Melania Trump’s Apollo 11 NFT Breaches NASA’s Image Guidelines

Melania Trump’s recent release of an NFT, which pays tribute to the Apollo 11 moon landing, has stirred controversy as it features an image sourced from NASA‘s archives.

Unfortunately, this violates NASA’s rules regarding image usage and the creation of NFTs, as clearly stated in their merchandising regulations.

Despite these regulations, USA Memorabilia, a prominent NFT platform highlighting American memorabilia, is promoting their new “Man on the Moon” NFT, celebrating the successful lunar landing of the Apollo 11 mission.

This NFT, priced at $75, showcases the iconic photo of Buzz Aldrin walking on the Moon, with Neil Armstrong’s reflection visible in Aldrin’s visor. In 2021, artist Michael Ranger cleverly revealed Aldrin’s perspective by digitally unveiling his visor in the image.

When comparing USA Memorabilia’s NFT to Ranger’s creative and reverential approach, it lacks the same level of inspiration. The NFT presents the iconic shot of Aldrin within a digital silver frame, resembling an imitation iPod from the front, with a Moon-inspired textured surface.

The bottom of the NFT features a three-dimensional spherical model of the Moon itself. On the reverse side, one can find the famous text: “One small step for man, one giant leap for mankind.”

Although Neil Armstrong, the person behind this iconic quote, stated that he was misquoted, many media outlets have perpetuated the incorrect version due to its greater impact.

The “Man on the Moon” NFT is considered a “limited-edition collectible” with only 500 editions available. However, 21 copies have already been sold within the first few days of its release.

While USA Memorabilia may appear to celebrate a broad range of United States history without political affiliations, it is reported as Melania Trump’s NFT marketplace.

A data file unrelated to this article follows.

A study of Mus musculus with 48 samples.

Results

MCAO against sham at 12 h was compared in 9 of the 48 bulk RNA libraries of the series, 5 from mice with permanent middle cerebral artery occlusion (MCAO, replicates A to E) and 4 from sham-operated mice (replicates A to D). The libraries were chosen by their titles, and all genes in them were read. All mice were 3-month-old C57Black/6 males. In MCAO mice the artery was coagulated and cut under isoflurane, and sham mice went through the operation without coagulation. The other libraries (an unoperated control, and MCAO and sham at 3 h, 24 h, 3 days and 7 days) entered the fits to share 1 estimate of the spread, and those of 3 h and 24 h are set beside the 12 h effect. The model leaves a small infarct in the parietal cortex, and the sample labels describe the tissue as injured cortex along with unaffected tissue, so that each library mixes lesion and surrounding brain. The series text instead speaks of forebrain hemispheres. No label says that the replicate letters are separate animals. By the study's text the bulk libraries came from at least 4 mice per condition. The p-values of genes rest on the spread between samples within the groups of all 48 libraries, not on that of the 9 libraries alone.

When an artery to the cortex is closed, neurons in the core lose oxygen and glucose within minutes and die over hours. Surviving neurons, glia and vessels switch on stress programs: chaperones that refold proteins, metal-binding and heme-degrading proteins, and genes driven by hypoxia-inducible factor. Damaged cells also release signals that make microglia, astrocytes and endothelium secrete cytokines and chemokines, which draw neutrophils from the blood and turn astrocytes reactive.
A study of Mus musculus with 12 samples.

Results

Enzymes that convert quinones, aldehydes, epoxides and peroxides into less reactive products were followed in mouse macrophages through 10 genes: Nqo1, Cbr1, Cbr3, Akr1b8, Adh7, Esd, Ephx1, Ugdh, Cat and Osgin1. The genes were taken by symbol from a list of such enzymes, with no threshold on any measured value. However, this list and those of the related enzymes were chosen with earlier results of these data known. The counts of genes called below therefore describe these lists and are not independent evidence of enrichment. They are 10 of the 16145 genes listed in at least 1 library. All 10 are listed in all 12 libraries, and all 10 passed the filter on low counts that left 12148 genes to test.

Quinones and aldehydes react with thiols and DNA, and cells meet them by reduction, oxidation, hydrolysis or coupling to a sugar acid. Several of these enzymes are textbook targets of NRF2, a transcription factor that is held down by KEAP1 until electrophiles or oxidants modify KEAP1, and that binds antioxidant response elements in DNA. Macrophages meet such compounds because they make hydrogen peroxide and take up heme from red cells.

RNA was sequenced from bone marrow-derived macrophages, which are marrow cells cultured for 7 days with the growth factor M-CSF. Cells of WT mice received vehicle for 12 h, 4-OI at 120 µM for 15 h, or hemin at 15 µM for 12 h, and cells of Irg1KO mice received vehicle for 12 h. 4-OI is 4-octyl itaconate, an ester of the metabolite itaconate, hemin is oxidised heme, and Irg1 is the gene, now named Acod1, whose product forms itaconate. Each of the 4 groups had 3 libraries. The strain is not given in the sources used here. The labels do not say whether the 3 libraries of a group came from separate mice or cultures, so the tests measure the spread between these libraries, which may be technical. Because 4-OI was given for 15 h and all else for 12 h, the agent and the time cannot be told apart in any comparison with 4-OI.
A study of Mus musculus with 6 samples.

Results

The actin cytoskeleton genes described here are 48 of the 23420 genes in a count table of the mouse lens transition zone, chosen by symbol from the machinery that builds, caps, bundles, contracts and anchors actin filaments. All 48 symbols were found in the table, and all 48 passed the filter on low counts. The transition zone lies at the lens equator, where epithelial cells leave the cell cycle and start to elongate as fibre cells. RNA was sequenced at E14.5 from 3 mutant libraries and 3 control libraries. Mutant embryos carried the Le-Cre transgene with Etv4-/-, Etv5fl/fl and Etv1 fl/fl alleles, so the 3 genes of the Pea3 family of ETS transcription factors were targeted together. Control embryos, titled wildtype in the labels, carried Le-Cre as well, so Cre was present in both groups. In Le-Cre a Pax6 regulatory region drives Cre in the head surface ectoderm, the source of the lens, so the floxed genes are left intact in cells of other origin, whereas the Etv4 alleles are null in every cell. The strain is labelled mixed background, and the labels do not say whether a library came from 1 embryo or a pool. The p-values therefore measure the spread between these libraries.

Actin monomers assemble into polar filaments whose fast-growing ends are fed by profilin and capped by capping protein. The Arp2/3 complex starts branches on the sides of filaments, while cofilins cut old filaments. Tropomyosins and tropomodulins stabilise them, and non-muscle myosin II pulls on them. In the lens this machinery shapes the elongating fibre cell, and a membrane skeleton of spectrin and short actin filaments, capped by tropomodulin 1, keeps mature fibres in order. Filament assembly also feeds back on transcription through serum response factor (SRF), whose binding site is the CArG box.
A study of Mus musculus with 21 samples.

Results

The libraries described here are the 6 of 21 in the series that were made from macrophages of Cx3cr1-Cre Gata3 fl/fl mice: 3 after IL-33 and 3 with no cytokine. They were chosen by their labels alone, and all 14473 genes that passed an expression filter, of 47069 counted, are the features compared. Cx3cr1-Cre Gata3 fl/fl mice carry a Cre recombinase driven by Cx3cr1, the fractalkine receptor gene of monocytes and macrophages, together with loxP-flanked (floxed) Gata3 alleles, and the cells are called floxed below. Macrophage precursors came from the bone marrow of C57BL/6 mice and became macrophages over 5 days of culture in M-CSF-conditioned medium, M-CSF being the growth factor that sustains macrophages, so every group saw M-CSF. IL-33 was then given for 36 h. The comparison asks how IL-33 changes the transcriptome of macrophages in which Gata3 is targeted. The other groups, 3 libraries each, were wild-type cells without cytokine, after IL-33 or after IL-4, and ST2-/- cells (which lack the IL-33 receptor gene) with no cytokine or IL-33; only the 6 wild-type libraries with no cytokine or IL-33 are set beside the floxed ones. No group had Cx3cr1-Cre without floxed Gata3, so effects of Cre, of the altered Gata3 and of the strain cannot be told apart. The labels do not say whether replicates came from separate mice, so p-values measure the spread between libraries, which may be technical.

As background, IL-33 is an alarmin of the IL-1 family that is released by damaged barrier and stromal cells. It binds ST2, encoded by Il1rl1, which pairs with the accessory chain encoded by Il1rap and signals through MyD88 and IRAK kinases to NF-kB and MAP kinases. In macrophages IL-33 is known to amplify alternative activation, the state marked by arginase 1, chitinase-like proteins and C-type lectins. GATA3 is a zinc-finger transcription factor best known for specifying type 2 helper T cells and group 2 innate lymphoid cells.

Their additional NFT collections include vague celebrations of pivotal years like 1776, collectibles honoring the U.S. Armed Forces, and low-quality gallery-style NFTs showcasing National Parks.

Unfortunately, the purchase of the latter does not guarantee one’s favorite park, as it operates like a “gumball” machine where customers put in $50 and receive a randomly determined NFT.

The Valor Collection, created in collaboration with a veteran, does not mention any proceeds supporting veterans, which is not surprising given the platform’s track record.

Another NFT collection on USA Memorabilia is “The POTUS Trump Collection,” featuring “gold” and “platinum” variants featuring portraits of former President Trump and former First Lady Melania Trump.

Additionally, customers have the opportunity to purchase Christmas ornament NFTs, which come with an accompanying physical ornament. This allows individuals to enjoy patriotic decor on their Christmas tree and relish the 3D-rendered version throughout the year.

NFTs currently face a level of uncertainty. Canon recently announced its entry into the NFT market, while Meta (formerly known as Facebook) discontinued its NFTs on their platforms, questioning the viability and legitimacy of the medium.

Despite this ambiguity, individuals who passionately admire NASA, but perhaps do not respect the agency’s request to refrain from using its content for NFTs, may choose to participate in Melania Trump’s NFT collection, priced at a modest $75.

Once the transaction is completed, buyers will have the ability to store the iconic Aldrin image in a digital wallet or download it freely from the internet.

Thankfully, there are legitimate ways to own unique pieces of NASA’s historical artifacts, such as rare original photos and tapes from the monumental moon landing. Explore these options to truly embrace NASA’s legacy.